Monday

21st Aug 2017

EU Greens launch US-style primary elections

The European Greens on Sunday (10 November) selected four top candidates for US-style primaries ahead of the 2014 EU elections.

People from all over Europe can cast their vote online in a process that will select two candidates of the four contenders - a man and a woman or two women.


The online poll will run until 28 January 2014, and the duo to lead the campaign will be announced soon afterwards.

The only male candidate is Jose Bove, a French MEP who describes himself as a "farmer of the world" having "milked sheep" for years on a French farm and opposed genetically modified plants and shale gas exploitation in his country.

Monica Frassoni, from the Italian Green Party, is one of the three female candidates who wants to "transform the next European Parliament elections into a real competition."

"We have to convince citizens that they have a say in EU affairs and that, unless they speak up, the EU will split again. If they don't, we will not solve the crisis and our collective irrelevance will be inevitable," Frassoni said.

The other two Green candidates are both from Germany: Rebecca Harms, the current co-leader of the Greens in the European Parliament and Ska Keller, a 31-year old MEP backed by the young Greens.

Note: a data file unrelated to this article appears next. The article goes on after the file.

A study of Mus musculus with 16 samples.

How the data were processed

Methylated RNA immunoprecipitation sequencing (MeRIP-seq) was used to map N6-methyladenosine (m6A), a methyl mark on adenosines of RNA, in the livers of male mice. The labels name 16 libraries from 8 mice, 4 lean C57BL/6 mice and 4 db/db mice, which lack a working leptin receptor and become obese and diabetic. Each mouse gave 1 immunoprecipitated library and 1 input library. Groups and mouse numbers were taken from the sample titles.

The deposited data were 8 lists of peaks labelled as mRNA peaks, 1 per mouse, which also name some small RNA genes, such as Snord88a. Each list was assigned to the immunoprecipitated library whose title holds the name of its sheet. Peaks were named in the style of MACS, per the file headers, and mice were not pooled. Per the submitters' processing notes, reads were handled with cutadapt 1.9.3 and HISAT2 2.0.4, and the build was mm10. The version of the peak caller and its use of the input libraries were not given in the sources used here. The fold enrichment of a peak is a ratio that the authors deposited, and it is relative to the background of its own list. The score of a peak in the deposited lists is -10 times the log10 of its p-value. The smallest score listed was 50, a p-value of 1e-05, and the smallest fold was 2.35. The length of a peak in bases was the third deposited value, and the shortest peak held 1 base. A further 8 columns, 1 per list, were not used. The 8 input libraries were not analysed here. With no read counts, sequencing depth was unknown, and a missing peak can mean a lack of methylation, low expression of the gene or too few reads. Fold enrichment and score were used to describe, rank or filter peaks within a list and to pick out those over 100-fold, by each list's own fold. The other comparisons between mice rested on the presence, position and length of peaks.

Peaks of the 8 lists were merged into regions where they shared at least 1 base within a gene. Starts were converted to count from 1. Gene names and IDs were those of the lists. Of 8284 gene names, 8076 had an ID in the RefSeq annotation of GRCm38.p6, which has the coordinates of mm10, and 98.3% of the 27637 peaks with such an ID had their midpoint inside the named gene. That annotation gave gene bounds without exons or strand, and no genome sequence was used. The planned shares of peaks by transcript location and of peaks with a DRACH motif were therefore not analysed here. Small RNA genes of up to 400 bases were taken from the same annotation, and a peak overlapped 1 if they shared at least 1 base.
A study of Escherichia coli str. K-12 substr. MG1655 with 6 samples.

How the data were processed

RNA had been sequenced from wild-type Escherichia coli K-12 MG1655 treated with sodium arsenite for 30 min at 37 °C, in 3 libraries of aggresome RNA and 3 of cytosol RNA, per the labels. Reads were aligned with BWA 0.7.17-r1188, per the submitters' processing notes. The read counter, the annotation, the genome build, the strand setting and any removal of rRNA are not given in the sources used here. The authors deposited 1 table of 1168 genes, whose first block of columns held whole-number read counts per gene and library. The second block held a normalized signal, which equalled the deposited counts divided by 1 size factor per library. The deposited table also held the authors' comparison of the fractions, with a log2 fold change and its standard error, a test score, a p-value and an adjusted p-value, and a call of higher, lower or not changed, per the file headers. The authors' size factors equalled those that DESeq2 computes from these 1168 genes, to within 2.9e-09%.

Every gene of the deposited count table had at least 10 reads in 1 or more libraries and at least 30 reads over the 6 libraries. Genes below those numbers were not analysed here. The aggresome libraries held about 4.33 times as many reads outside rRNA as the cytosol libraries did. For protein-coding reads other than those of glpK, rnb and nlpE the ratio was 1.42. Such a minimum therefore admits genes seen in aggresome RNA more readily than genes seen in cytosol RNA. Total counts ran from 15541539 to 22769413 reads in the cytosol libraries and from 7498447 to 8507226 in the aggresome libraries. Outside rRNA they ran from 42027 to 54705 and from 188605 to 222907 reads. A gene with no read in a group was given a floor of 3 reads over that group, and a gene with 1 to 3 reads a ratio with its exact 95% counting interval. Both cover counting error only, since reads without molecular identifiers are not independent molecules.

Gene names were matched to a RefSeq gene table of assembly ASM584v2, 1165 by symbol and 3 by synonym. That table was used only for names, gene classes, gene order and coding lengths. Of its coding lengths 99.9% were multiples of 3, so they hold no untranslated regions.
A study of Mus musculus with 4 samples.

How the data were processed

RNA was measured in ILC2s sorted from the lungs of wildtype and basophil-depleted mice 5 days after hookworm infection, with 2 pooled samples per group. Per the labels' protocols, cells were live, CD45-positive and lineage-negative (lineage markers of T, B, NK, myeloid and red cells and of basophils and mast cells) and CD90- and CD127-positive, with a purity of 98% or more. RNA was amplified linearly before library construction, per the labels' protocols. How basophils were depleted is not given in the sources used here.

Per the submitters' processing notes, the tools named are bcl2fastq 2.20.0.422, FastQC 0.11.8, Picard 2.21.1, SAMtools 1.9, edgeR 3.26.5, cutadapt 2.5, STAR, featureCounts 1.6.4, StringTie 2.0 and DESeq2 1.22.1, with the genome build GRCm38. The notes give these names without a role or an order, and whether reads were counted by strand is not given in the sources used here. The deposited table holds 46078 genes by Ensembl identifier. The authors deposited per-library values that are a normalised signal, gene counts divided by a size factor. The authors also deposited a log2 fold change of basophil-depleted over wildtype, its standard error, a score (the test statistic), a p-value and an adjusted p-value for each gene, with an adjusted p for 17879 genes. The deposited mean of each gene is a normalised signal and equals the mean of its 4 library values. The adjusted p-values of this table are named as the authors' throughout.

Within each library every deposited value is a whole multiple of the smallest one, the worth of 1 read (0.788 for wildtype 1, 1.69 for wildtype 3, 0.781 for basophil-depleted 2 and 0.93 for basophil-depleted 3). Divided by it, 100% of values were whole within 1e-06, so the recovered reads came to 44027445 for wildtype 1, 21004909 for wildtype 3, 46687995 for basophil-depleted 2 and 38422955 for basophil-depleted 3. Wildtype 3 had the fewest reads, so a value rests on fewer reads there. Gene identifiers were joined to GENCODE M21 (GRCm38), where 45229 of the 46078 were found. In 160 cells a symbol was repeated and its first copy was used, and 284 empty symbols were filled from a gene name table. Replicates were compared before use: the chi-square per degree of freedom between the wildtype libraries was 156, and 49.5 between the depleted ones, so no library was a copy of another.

European elections have had a continuously declining turnout since direct elections began in 1979, with voters tending to think that the EU vote is of little relevance to them.

European parties hope to reverse this trend with trans-national campaigns and lead candidates who run for the top post at the European Commission, a novelty introduced by the Lisbon treaty.

But EU leaders recently poured cold water on hopes that the top candidate of the most popular party will automatically land the commission job.

German Chancellor Angela Merkel said she "sees no automaticity" between the election results and the post.

For his part, EU council chief Herman Van Rompuy warned against parties raising "false expectations."

The Social Democrats meanwhile have opted for a different way of selecting their top candidate, current European Parliament chief Martin Schulz.

Last week, following a vote in the European Party of Socialists (PES), Schulz was nomintated "candidate designate" for the post and is set become the lead candidate following the party's congress in March next year.

On the centre-right, the European People's Party so far has not put any names out and is likely to announce their lead candidate at a party congress in March.